Buenos Aires street style! San Telmo market, La Boca, coolest barrios or neighborhoods.
Obelisk, ob-la-da. It’s time for part two of my travels in Buenos Aires, Argentina!
The city is divided into 48 barrios, or neighborhoods — each with its own vibe. Of course, we concentrated on the coolest and most creative areas, as you saw in my first post about Palermo and Recoleta cemetery.
This time, we’ll sight-see in San Telmo, Puerto Madero and La Boca.
The Argentinian capital city has a retro feel to it, in part to the colonial architecture and spirit of Eva Peron. Inspired, I put together a classic 1950s meets street style outfit of the day.
Line Friends’ Brown bear is one of my favorite cute characters (but obviously, nobody tops Miffy the bunny). I was pleased to find the emotion-less bear on the back of this Chocoolate bomber jacket. (It was drizzling a bit, so please excuse the frizzy hair.)
I’m standing in Puerto Madero, a waterfront area of Buenos Aires that has undergone recent development. There are pristine gardens and sleek, modern buildings overlooking the water. All of Puerto Madero’s streets are named after women, and the Puente de la Mujer (Women’s Bridge) is designed by neofuturist “starchitect” Santiago Calatrava.
My cross and fishnet tights are Lip Service, from Salemonster,
Close-up on my Ghoul Gang t-shirt from Unique Vintage. Hail the original queens of Halloween: the Bride of Frankenstein, Lily Munster, Elvira, and Morticia Addams! As a fan of classic horror films, this is a Gothic girl gang that I’d join in a heartbeat.
Buenos Aires is home to the widest street in the world, 9 de Julio Avenue. It’s over 300 feet wide, and named after Argentina’s Independence Day (in 1816).
This Egyptian-style monument, “Obelisco de Buenos Aires,” is the symbol of Buenos Aires. The obelisk is located in the Plaza de la República, intersected by 9 de Julio. It was quite the challenge to run into the wide street and vogue for photos before the traffic lights changed… but worth it, for these shots!
Argentina is of course famous for its beef. Instead of the crowded traditional steakhouses, I went to La Carniceria in Palermo. This cozy, hip restaurant takes reservations for two dinner seatings, and has a hidden glass panel door for a members-only feel.
I enjoyed sitting at the bar and watching the chefs stoke the fires, while sipping on a refreshing gin and tonic flavored with fresh huacatay (Peruvian black mint).
La Carnicería’s owners Pedro Peña and Germán Sitz put a modern spin on traditional steakhouse dishes. We whetted our appetites with a warm, smoked provolone cheese. One of their specialities, sweetbreads, were a delightful surprise: caramelized and on top of cornbread. A glass of malbec (Argentine red wine) was the perfect accompaniment.
The main event were these generous, fire-grilled cuts of grass fed beef. The steaks had wonderful smoky flavors, and came with chimichuri dip.
At La Carniceria, the creations change depending on what’s fresh and available. Small, ripe plums with cream made up the perfect seasonal dessert. A delightful meal, from start to finish.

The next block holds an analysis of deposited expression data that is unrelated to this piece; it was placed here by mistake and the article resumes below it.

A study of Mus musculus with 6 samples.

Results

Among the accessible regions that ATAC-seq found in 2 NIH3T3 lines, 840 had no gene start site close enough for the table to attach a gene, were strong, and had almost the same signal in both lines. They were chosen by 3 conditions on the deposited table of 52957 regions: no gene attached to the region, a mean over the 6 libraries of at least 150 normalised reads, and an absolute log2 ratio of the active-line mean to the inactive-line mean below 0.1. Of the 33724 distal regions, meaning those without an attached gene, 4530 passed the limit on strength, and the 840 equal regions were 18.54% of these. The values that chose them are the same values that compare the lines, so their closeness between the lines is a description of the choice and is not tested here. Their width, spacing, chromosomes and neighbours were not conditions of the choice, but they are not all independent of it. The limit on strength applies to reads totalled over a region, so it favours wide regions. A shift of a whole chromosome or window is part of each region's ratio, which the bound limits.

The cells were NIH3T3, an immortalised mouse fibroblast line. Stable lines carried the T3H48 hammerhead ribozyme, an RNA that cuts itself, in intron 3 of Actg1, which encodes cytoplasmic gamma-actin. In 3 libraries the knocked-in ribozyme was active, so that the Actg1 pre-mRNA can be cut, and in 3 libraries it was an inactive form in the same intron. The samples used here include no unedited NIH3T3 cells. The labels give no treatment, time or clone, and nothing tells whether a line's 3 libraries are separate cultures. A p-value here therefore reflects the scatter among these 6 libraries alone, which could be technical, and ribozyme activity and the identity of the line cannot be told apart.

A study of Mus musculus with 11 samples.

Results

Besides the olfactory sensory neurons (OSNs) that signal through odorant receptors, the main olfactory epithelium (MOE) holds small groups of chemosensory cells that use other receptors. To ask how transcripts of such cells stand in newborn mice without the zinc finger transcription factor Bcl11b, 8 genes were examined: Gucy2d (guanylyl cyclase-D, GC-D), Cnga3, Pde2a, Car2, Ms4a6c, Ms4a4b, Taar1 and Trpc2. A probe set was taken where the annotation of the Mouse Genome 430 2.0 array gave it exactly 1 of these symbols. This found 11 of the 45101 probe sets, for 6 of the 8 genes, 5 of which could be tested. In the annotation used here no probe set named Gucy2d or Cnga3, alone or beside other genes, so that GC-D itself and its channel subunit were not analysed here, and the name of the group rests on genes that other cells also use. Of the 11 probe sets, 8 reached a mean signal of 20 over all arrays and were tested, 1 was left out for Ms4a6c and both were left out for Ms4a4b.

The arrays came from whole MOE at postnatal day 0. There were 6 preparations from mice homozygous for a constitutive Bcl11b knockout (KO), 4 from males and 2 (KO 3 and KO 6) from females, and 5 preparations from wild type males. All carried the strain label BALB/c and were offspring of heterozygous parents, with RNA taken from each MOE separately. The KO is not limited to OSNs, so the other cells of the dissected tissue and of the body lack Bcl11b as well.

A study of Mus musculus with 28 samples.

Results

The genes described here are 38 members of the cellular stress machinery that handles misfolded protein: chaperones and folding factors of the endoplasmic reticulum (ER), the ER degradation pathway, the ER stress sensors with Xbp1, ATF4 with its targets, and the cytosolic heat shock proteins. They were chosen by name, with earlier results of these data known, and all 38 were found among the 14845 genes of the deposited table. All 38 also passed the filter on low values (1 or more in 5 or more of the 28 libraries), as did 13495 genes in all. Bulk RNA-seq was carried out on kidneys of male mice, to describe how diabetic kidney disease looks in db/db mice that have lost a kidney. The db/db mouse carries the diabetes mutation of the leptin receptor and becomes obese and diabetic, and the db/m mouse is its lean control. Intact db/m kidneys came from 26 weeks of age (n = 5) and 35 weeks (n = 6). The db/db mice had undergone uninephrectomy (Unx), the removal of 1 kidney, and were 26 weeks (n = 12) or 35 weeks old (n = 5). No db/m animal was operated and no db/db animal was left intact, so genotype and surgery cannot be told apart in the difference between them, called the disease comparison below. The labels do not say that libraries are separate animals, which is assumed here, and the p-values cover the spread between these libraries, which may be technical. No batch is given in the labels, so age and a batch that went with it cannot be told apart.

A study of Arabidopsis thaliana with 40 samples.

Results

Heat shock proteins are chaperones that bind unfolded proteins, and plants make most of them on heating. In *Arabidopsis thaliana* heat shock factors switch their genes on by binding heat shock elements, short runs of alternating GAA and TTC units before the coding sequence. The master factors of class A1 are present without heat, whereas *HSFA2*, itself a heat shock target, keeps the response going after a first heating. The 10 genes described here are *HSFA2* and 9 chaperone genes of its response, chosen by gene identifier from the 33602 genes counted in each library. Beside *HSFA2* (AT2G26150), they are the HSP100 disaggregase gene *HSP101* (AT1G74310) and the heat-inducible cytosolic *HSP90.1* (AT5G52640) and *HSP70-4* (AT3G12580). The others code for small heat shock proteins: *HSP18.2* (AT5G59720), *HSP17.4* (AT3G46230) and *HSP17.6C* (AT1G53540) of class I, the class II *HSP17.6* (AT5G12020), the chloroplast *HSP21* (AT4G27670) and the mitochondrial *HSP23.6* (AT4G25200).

On another day, we explored the colorful district of La Boca. As you can see from this mural, the 90s are forever here.
La Boca is a working class barrio (neighborhood) that has been brightened by street artists. The main alley, Caminito, is surrounded by rainbow-painted zinc houses, theaters, tango dancers, and walls of art.
Look up at the balconies, and you’ll find statues of Argentina’s most famous residents. Mafalda, the cute cartoon girl, stands next to a national football player. On another ledge, Eva Peron waves her arm at passersby. (Recall that I visited the Peron Peron theme restaurant in her honor.)
La Boca’s Caminito was originally developed by a local artist, Benito Quinquela Martín. In 1960, he painted the dilapidated buildings and set up a performance space, which turned these cobblestone streets into an art hub. Today, you’ll find plenty of studios amidst these colorful structures.
Parts of La Boca feel rather touristy, with lots of gift shops. However, if you wander the side streets and railroad area, you’ll find uncrowded alleys with striking artwork.
Travellers come to see these corrugated-iron shanty houses, which used to house immigrants. The rainbow paint gives them a modern feeling.
If you’re interested in Buenos Aires street art, I recommend that you also walk around the hipster district Palermo (see this post for info).
Before leaving La Boca, take a moment to see the multicolored walkway by Riachuelo River. Buenos Aires is a great city for exploring by foot.
Finally, you can’t miss San Telmo market. Every Sunday, this barrio transforms into a vivacious street fair with over 250 stalls.
The weekend bazaar is one of the best places to find antiques, local goods, handmade jewelry — and of course, cute memorabilia featuring Mafalda. San Telmo also has a permanent market area that you can visit any day of the week, which mainly sells food.
San Telmo’s open-air market spans many streets. I saw crafts made from cassette tapes, sugar skull cat statues, wind-up toys, coffee stalls… you name it.
The market is a great place to snack on Argentinian food. I ate warm empanadas, and tried local-style pizza (it’s uniquely gooey and delicious in Buenos Aires).
My hair color and undercut are by Chad Mitchell Evans at Kore Salon Vancouver.
I hope you enjoyed my travel guide to Buenos Aires’ hippest attractions. (If you missed Part 1 of my Argentina adventures, see the post here).
What’s coming up next? I’m heading to two familiar countries in Asia, as well as a new destination. All shall be revealed soon!